Oneonta Gorge is a basalt slot canyon where the pure, cold waters of Oneonta Creek flow to join the Columbia River. It's a cool, shady retreat on a hot summer day. The canyon's lush plant growth has a number of species that are found only in the Columbia Gorge area. I first tried a photo here in 2005, but the location I chose was too shadowy to create the kind of print I wanted. I returned in May of 2006 at a different spot, and this time got the result I was seeking. The image on the film jumped off the light table when I got it back from processing, and I knew the print would be something worth exhibiting. I made one in the 30x40 size and included it in the exhibit Columbia Gorge: Our Precious Land that opened in October that year. It turned out to be the centerpiece of the show.
I needed to wade through chilly waist-deep water in order to set up the camera. To be sure my equipment wouldn't get wet during a fall I wrapped everything in plastic bags and used a walking stick to steady myself on the creek bed, which can be slippery. The day I took the photo the air was unusually calm. That was fortunate, as I needed an eight-second exposure. Another challenge of the location is that it's popular with hikers, and there are periods of just a few minutes when no people are visible in the canyon. Just seconds after closing the shutter for this shot a group appeared in the distance. When the light is right as it was on that day, the canyon and water come alive with glowing blues and greens.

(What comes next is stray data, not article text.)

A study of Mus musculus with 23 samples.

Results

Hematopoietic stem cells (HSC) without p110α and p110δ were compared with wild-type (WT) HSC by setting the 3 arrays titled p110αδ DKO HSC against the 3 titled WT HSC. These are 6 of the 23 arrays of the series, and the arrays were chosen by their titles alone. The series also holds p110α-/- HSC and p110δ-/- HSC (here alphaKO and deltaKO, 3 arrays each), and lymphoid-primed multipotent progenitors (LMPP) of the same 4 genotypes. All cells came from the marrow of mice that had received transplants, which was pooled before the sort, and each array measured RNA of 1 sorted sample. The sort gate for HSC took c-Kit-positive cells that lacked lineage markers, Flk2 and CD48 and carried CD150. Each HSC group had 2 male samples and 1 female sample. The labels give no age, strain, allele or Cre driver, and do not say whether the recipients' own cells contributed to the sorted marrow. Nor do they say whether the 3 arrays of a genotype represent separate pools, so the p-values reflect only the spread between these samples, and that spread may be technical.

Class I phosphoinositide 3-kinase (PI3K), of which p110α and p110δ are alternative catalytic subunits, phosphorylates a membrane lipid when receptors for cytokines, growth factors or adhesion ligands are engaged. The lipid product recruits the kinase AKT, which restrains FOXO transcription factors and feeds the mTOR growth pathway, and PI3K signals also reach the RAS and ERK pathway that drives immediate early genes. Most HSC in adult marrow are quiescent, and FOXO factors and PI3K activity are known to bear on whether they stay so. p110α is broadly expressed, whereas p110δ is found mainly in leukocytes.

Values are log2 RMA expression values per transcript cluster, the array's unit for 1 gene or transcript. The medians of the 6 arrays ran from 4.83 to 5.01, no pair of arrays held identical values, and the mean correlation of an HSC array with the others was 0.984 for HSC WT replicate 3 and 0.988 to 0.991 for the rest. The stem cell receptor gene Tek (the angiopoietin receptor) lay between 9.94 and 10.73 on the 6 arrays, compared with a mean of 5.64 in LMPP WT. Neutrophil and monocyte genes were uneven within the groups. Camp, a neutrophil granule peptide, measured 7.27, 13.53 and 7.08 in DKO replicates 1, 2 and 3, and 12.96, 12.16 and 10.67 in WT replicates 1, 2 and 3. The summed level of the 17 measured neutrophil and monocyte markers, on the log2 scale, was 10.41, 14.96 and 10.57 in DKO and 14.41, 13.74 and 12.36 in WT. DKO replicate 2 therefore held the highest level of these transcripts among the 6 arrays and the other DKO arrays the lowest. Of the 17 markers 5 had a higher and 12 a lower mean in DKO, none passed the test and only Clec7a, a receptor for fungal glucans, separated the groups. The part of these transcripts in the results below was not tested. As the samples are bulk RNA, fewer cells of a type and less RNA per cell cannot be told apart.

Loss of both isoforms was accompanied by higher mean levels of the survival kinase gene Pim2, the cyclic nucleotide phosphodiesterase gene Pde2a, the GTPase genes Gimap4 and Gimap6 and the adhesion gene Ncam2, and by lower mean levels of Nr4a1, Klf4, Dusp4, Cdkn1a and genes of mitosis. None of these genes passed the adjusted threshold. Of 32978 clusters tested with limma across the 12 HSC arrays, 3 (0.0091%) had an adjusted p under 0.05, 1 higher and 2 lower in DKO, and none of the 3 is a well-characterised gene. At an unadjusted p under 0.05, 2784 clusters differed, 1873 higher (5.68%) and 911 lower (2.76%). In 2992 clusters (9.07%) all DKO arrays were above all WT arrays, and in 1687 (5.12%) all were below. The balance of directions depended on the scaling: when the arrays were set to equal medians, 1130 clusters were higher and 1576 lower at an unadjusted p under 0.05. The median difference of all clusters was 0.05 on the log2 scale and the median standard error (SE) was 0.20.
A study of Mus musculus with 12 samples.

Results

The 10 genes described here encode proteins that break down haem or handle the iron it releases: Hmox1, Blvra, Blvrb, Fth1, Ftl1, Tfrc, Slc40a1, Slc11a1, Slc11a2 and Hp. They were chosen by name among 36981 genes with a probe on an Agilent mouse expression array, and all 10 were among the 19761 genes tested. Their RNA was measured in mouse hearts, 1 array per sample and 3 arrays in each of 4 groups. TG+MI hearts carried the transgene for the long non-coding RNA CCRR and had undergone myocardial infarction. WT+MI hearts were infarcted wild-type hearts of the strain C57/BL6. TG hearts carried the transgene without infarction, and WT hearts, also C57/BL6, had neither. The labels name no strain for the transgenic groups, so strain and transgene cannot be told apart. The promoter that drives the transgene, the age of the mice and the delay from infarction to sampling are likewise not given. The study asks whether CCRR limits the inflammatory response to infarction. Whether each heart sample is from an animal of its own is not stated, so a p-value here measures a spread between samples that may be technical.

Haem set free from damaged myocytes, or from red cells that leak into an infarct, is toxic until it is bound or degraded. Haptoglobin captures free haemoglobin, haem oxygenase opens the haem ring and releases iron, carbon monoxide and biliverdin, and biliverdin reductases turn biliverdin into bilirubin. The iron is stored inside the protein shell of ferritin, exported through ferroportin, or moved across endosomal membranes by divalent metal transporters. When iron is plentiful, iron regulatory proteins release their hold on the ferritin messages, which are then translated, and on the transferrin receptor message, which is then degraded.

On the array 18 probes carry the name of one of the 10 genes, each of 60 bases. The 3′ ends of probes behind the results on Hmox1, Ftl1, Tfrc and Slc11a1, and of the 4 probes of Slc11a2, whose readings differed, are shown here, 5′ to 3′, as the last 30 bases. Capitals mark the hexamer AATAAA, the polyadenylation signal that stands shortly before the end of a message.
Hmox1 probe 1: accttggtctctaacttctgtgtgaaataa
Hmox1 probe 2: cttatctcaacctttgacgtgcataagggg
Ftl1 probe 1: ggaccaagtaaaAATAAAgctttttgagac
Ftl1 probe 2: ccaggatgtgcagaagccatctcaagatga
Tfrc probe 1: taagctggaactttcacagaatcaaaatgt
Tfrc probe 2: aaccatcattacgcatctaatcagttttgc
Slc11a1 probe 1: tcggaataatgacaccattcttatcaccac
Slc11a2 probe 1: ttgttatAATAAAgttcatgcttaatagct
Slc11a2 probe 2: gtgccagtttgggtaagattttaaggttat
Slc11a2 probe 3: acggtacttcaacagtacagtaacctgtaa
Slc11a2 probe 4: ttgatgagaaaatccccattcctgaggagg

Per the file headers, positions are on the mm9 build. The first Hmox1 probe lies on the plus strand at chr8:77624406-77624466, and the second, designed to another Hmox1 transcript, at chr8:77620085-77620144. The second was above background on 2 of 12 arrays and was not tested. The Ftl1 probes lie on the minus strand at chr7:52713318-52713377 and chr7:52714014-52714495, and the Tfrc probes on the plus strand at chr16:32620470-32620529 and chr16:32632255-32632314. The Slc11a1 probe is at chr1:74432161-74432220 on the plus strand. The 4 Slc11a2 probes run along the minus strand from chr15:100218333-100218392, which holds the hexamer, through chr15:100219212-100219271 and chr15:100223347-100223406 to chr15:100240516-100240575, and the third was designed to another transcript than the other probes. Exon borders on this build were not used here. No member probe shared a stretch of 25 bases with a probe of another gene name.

I've had a chance to watch many visitors to Oneonta Gorge on my trips there. It's a bit of an adventure to get to the waterfall at the end of the canyon, and many are silently awestruck by what they experience. Others noisily frolic in the cold water beneath the falls. Some people don't enjoy the cold at all but brave it and are glad they did. The great variety of reactions reminds me that we all have different life experiences and our perceptions of the world are shaped by what happens to us and how it makes us feel. Cold water is not enjoyable for me, and I often wonder what it would be like to be a person who can have fun in it. It reminds me that most of us come to our opinions and values honestly through a unique path colored by events and reactions to them. It is a challenge of great effort to understand another person's point of view, and to realize that my own might be quite different had I walked in that person's shoes.
Starting in summer 2006 work is proceeding to reopen a tunnel from the historic Columbia River highway at the parking area leading into the canyon. The old tunnel was closed and filled with rock during construction of the current highway. Once opened, it will become part of a trail for hikers and cyclists. While Oneonta Gorge seems like a pristine place, on many a visit I have removed trash from the stream and there are areas of vandalism—particularly on lichen-covered walls near the canyon entrance.
During storms the flow of the creek can become unpredictable and floods carrying logs from the forests upstream are common. Currently there is a large logjam near the start of the trail that's treacherous to cross and claimed the life of a deer when I visited. It appeared after heavy rains on Thanksgiving Day, 1999 and kept the trail closed until June, 2000. If planning to visit, pick a dry day when the logs are not as slippery, wear good footwear, and carry a stick or pole to steady yourself on the logs and in the stream. Bring a change of clothing and a towel to dry off afterward.